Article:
Just an economy that used to grow?
Even a talker as talented as President Obama can’t do the impossible: Persuade Americans that the three-year-old economic “recovery” is anything other than pathetic.
Growth is sinking back toward the recession red zone and unemployment’s firmly stuck at over 8 percent for 42 straight months.
It’s no wonder a new Gallup poll finds 75 percent of us “dissatisfied” with the direction of the country. Or that a CNN survey finds that twice as many Americans (39 percent) think the economy is still mired in recession than think it recovering (19 percent).
So Obama isn’t even trying to make the “Morning in America” case for his re-election. He now concedes that “the economy isn’t where it needs to be” and that “we have a lot more work to do.” But he’s quick to add that the Not-So-Great Recovery isn’t his fault, saying: “Throughout history, it has typically taken countries up to 10 years to recover from financial crises of this magnitude.”
Obama, you see, is a believer in the “New Normal,” a phrase popularized on Wall Street, where gloomy economists cite the slow growth, high unemployment and high debt that supposedly afflict countries after severe banking crises.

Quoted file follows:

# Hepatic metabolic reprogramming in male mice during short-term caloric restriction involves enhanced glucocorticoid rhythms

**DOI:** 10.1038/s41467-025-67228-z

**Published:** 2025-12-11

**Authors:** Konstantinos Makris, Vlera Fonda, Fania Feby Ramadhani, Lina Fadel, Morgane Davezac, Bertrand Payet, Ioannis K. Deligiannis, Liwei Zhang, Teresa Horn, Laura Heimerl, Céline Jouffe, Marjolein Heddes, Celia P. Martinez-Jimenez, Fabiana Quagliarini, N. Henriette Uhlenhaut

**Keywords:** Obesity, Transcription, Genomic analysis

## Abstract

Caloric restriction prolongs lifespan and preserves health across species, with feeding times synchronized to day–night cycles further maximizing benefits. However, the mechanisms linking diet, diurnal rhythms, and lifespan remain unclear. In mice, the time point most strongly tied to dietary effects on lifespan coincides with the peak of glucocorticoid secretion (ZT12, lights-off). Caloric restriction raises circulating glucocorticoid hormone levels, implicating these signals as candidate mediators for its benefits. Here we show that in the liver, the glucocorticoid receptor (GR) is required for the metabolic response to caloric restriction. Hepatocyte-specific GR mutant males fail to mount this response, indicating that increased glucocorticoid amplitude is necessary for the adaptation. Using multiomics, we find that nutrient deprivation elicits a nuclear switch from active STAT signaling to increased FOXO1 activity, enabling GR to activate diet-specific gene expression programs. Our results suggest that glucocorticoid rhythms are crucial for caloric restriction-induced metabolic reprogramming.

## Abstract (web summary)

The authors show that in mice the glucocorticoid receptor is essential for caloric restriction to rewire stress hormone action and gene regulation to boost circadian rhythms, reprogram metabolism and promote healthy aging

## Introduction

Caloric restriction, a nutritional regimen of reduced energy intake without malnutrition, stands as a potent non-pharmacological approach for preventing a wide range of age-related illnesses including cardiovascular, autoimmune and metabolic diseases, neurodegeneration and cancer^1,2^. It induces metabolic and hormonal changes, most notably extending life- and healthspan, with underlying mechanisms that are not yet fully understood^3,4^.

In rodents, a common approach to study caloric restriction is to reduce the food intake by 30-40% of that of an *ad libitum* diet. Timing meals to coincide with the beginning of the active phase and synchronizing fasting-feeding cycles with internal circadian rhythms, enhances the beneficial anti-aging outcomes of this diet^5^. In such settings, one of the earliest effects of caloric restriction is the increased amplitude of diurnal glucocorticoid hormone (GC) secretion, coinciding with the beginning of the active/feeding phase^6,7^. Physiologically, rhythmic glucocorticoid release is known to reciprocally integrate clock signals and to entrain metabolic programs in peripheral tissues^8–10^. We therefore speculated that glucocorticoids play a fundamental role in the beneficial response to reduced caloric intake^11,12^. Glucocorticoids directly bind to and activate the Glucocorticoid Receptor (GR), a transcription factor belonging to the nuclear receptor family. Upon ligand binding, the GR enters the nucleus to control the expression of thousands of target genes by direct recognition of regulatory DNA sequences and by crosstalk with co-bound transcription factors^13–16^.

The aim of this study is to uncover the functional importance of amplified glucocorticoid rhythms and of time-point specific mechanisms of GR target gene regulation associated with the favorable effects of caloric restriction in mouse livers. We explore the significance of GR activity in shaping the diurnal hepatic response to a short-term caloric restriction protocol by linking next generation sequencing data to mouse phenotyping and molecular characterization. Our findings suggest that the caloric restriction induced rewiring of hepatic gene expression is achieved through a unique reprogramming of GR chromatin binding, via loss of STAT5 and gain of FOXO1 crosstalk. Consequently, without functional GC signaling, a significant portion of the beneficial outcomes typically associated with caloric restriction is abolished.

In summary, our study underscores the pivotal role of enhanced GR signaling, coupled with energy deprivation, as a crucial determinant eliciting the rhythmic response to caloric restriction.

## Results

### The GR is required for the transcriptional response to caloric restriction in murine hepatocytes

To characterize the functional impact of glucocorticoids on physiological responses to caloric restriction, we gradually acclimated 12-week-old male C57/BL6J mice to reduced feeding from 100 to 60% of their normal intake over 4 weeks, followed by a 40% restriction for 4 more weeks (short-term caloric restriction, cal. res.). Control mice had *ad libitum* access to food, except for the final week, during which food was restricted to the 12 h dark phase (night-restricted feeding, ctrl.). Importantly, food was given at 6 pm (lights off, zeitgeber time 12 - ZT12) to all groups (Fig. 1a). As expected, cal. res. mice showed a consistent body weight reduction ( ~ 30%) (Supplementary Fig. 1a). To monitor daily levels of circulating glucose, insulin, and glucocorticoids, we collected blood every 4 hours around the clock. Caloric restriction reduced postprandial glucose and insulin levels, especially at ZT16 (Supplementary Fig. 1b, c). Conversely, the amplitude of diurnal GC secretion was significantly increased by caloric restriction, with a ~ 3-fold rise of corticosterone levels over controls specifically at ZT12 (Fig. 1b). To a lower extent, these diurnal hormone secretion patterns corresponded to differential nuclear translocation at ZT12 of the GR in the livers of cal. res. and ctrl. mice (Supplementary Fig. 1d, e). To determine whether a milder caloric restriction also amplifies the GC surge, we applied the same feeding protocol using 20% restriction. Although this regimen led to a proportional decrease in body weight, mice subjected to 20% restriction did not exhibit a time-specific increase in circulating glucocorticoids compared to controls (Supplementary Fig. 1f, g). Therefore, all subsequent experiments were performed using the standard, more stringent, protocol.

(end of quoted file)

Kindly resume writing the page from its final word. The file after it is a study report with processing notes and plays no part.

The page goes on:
But the president’s a recent convert to this religion of low expectations. He certainly didn’t buy it when he took office. Back then, he predicted aquick and powerful economic rebound — if only lawmakers implemented his policies, such as the $800 billion stimulus. Which Congress, then with strong Democratic majorities, quickly did.
In 2009, for instance, the White House said the economy would be growing at a brisk 4.3 percent annual clip this year, with unemployment down to 5.6 percent. Indeed, Obama’s top economists predicted we’d be smack in the middle of a fat streak of high-growth years: 4.3 percent in 2011, followed by 4.3 percent growth in 2012 and 2013, too. And 2014? 4 percent growth.
Ronald Reagan and Bill Clinton would have nothing on Obama, these predictions suggested. Back then, Team Obama scoffed at the dismal New Normal faith.